The coronavirus pandemic has forced widespread school closures in the United States and an unprecedented disruption of K-12 education. For children living in homes without broadband internet service, the lack of schooling cannot simply be replaced by online distant learning substitutes.
Shelby County Schools announced Friday it will no longer be providing food for students while they are out of class for weeks on end. The district's plan to use its central nutrition center is canceled after one of its employees tested positive for coronavirus.
More than 100,000 SCS students are at home in order to help stop the spread of the novel coronavirus. Students are scheduled to return to school on April 6, but school leaders are not postponing learning.
A Shelby County Schools employee and a faculty member at the University of Tennessee Health Science Center are under 14-day quarantines after coming into contact with an individual now diagnosed with coronavirus.
The state's Institutions of Higher Learning board of trustees are under the microscope.Their recent process of naming the Ole Miss Chancellor sparked protests. Now, lawmakers are pushing back on their power.
Every day before 4-year-old Miriam leaves her Memphis school, her classmates say goodbye with hugs and high-fives. Her mother says it means the world that they're showing acceptance and kindness to Miriam who has cerebral palsy.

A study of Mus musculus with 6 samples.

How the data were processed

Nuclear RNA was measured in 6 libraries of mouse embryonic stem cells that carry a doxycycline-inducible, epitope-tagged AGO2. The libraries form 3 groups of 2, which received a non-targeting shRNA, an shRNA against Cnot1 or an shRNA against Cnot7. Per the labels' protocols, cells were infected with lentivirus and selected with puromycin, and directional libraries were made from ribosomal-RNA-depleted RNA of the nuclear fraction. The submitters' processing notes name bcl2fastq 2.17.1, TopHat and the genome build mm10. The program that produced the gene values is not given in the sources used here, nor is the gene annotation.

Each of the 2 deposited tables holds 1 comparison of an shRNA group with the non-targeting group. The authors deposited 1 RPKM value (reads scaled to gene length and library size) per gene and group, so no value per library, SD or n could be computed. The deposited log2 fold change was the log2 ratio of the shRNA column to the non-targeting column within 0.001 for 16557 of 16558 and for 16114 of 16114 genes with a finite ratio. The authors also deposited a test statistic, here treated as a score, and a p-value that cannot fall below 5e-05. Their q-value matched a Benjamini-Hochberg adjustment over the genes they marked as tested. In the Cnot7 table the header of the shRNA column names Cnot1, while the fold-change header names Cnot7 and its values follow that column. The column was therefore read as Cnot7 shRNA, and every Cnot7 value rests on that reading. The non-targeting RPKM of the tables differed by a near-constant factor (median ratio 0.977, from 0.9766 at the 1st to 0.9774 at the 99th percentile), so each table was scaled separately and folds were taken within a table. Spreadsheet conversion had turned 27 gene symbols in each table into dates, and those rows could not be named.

Robert Reed is the much-loved custodian at Farmington Elementary in Germantown. He loves his job so much, he’s willing to walk miles, literally, to get to work. His colleagues decided it was time to give Robert a lift.
"I'm calling on the comptroller to investigate the voucher funding and where the funds came from and why they weren't fully funded in the first year as the state constitution requires," said State Rep. Bo Mitchell, D-Nashville.
Shelby County Schools Superintendent Dr. Joris Ray is asking the community to be change champions. In SCS’s first-ever State of the District, Ray said the district needs resources-- both monetary and good word of mouth.
In a 23,000 square foot facility, the Boys and Girls Clubs of Greater Memphis trains hundreds of Memphis students for five career tracks: culinary, automotive, welding, logistics and information technology.